Politics

Polish government publishes survival guide in case of war


Poland’s government has issued a guide advising the public on how to be prepared for and act during crises, including a potential war and foreign occupation. The booklet includes information on how to cope when under various kinds of attack and what to pack when forced to flee or take shelter.

“The ability to cope in situations of threat is an important element of building a resilient society, which translates directly to the resilience of the state,” Damian Duda, the head of the Government Security Centre’s (RCB) information policy department, told Rzeczpospolita.

The 36-page guide, which is available online on the RCB website, contains practical advice on disinformation, the air-raid siren system, taking shelter and evacuation, and hostage situations, as well as how to act in case of occupation, gunfire, explosions, and chemical, biological or nuclear attacks.

If you see soldiers who do not appear to belong to the Polish army or allied forces in your area, for example, you should stay calm and keep out of their way where possible, as well as avoid looking at military vehicles, taking photographs, or arguing with the troops.

In such situations, the guide also advises stocking up on water, counsels against going out after dark, and suggests wearing clothes in “neutral colours without symbols or emblems” and finding companions.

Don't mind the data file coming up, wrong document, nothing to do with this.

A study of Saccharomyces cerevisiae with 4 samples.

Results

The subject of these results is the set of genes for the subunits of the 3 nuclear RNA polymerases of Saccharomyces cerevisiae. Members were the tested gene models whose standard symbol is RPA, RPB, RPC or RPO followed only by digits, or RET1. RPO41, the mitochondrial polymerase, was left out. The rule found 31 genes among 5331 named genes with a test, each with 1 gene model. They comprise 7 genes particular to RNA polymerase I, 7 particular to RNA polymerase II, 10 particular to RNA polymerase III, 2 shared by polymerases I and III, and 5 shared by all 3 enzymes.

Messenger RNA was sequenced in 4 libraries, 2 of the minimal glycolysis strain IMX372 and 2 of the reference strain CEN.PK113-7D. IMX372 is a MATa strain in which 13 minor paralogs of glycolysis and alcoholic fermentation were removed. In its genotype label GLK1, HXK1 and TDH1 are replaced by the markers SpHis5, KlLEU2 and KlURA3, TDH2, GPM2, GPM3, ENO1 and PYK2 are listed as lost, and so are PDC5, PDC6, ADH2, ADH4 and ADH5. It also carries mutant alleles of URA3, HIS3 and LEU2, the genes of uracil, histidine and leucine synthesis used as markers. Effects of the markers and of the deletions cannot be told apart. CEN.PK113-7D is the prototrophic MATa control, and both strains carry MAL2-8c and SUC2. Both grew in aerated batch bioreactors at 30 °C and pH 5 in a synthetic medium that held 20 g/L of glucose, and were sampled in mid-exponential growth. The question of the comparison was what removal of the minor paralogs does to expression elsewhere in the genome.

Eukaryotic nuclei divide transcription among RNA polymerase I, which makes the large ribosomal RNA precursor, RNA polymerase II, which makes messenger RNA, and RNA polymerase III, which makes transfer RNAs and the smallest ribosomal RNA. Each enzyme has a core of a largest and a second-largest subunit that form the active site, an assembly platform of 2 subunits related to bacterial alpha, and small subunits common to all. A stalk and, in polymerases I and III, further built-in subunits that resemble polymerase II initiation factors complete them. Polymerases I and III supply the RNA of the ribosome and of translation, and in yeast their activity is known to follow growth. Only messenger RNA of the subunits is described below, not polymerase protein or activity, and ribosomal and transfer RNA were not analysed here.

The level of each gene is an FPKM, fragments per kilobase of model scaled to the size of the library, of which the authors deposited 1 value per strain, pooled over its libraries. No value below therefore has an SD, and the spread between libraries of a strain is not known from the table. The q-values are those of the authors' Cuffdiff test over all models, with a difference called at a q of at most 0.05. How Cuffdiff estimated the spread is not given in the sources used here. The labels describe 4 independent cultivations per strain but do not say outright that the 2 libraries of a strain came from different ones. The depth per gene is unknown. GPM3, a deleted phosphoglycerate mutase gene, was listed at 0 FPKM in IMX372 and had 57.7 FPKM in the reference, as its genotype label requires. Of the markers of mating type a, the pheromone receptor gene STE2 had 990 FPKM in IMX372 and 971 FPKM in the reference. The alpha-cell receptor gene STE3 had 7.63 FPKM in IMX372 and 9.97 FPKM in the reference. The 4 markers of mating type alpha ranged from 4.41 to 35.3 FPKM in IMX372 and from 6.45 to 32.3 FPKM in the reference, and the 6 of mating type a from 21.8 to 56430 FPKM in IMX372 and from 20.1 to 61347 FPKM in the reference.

The illustrated booklet also gives practical information on how to cope without electricity and administer first aid, and provides checklists for packing an emergency bag as well as important telephone numbers.

The guide is intended to “explain in a simple way how to prepare to act in a crisis situation – what to do to avoid a threat while it is happening”, said Duda. “There might be different causes for crisis situations – it could be an accident or emergency in an industrial plant using dangerous substances in the technological process, for example”.

The publication resembles similar guides issued by other countries, because advice on how to act in crisis situations is often universal, reports Rzeczpospolita. Sweden, for example, produced a booklet in 2018 in response to Russia’s aggressive conduct, sending it to all households in the country.

“We checked the Scandinavian and American models, but we also had a guide published in Ukraine a week before the escalation, and that was closest to our realities,” Duda confirmed.

The RCB is a government agency tasked with dealing with crisis management and monitoring threats to security. It is most familiar to residents of Poland as a result of the text message warnings it sends warning of expected severe weather events.